By Scott M. Stringer, New York City Comptroller
By all accounts, Sandra Santos-Vizcaino was an amazing teacher — a gentle soul who was as gifted at unlocking the mysteries of learning as she was at dispensing hugs to her students at P.S. 9 in Brooklyn Heights.
But Santos-Vizcaino is no longer with us. She succumbed to COVID-19, having dutifully gone to school up until March 19, the final day of professional development before schools were shut down by Mayor de Blasio. She was hospitalized on the 26th and passed away five days later, leaving behind her husband, Felix, and two children, Victor-Luis and Viviana.
It’s impossible to fully repay Santos-Vizcaino or her family for her 25 years of service she gave to our children, or the scores of other frontline workers across the nation who — simply by following orders and going to work — exposed themselves to heightened risk of infection.
But there is one, critical step that we as a nation should take: Congress should create a Victim Compensation Fund to help the surviving family members of all frontline workers who went to work — caring for our sick, teaching our children, stocking our grocery shelves, staffing our pharmacies, performing essential government services — and died from COVID-19.
In the aftermath of the Twin Tower attacks in 2001, Congress established the 9/11 Victim Compensation Fund, which over two years dispensed some $7 billion to the families of those killed and injured. The fund was later reopened by President Obama (thanks in large part to the fierce advocacy of this newspaper) as part of the James Zadroga 9/11 Health and Compensation Act, which expanded health coverage and compensation to first responders and others who had developed 9/11-related health problems.
On 9/11, the first responders were mostly police, firefighters and EMTs. They knowingly ran towards the danger that day to protect the rest of us, and too many of them paid the ultimate price.
Today, our police, firefighters and EMTs are still out on the front lines, and so too are doctors, nurses, building workers, pharmacists, other frontline city workers, grocery store clerks and countless others whose occupations have been deemed “essential” by government.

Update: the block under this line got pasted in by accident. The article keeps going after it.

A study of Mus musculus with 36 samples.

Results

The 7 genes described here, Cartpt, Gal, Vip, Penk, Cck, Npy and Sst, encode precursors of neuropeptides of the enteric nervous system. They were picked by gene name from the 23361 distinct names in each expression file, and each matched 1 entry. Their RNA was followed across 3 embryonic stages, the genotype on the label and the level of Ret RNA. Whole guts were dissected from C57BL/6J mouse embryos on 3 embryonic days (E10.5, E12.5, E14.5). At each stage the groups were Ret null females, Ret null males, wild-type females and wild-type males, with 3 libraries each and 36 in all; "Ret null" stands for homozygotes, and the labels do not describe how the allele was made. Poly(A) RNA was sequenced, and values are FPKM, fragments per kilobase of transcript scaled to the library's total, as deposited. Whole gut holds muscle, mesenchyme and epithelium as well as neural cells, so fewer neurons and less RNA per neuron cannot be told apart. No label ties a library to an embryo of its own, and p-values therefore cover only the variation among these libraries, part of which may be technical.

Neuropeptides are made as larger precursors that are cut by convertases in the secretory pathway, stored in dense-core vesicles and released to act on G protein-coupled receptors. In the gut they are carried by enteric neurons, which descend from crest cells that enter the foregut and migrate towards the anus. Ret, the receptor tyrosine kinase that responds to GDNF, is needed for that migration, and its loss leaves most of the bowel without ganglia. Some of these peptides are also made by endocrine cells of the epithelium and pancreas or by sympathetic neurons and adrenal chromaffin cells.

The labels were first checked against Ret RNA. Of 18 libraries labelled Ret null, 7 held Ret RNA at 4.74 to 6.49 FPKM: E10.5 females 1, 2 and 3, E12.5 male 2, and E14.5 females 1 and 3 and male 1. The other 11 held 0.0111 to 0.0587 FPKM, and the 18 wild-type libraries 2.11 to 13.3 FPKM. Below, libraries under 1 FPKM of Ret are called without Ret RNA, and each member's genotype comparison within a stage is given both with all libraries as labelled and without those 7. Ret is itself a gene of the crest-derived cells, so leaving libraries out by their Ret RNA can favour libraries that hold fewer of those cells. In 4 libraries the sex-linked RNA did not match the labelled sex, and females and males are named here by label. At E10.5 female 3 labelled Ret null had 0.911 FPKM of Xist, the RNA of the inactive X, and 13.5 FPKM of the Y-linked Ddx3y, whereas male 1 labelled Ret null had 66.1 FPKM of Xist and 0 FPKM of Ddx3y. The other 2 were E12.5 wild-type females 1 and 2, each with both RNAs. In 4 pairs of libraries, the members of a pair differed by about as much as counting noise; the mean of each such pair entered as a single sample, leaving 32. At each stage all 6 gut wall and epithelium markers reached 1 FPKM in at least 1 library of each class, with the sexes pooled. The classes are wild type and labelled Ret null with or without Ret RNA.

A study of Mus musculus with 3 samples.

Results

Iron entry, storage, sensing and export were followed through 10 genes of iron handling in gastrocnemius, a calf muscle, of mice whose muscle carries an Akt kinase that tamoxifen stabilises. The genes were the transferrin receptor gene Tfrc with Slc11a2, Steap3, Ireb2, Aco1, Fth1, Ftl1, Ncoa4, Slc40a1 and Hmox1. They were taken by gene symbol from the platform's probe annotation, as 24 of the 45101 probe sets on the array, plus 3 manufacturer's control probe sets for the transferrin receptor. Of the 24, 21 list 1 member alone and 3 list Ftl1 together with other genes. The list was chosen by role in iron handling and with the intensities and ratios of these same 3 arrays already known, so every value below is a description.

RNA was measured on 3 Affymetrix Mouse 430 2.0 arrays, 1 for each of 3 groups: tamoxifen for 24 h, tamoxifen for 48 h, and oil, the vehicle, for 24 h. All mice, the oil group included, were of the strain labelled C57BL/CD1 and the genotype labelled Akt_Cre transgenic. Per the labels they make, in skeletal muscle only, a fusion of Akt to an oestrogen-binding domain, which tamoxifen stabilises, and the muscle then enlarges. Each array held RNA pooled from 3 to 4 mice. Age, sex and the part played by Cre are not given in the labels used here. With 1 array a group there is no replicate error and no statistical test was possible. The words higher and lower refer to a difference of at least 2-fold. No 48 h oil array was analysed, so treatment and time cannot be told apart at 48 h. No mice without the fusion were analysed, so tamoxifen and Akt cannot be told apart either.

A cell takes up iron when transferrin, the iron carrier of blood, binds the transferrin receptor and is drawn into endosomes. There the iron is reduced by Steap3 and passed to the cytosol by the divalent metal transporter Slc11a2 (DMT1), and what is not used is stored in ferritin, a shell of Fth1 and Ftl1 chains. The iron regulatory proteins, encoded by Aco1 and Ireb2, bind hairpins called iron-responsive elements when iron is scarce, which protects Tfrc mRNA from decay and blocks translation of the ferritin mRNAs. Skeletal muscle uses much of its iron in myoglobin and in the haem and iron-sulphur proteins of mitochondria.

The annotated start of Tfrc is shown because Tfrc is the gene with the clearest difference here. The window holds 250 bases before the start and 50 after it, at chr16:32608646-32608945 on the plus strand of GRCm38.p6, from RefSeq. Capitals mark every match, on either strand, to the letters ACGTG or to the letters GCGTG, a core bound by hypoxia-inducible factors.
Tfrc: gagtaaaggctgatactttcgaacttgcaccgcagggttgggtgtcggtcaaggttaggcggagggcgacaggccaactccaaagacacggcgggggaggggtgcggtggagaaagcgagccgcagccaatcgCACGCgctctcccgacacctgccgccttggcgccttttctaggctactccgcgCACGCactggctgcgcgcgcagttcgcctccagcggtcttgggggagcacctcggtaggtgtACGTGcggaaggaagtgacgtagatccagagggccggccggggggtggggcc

The roles they fill may be different, but all of them have jobs that require them to run toward the danger, every day, so that the rest of us can stay safe. And all of them are heroes who, with every passing day, leave behind more families — more children, spouses and loved ones — whose lives will never be the same.
As of last Friday, the Metropolitan Transportation Authority alone had already lost dozens of workers to the virus, with nearly 1,900 in total having tested positive. And this week, we learned we’ve tragically lost 50 DOE personnel, 21 of them teachers. The scale of their sacrifice — and of every other frontline worker who knowingly placed themselves at risk — is matched only by their selflessness and service to others.
We should take care of the families of all frontline workers who have succumbed to the virus, regardless of immigration status, with a national, federally funded compensation fund modeled after the one created after 9/11. The fund should also cover the health-care costs of all frontline workers, now and in the future, just as the Zadroga bill is doing.
Closer to home, there are other ways our city and state government could be showing our commitment and respect. For starters, we should extend line-of-duty death benefits to all public employees who were likely exposed to the COVID-19 virus as a result of their jobs and later died.
At the end of the day, the true measure of how we weather this storm lies not in our shared grief, but in our collective humanity — in how we care for the sons and daughters who will never again feel a parent’s hug, and the husbands and wives left to carry on alone.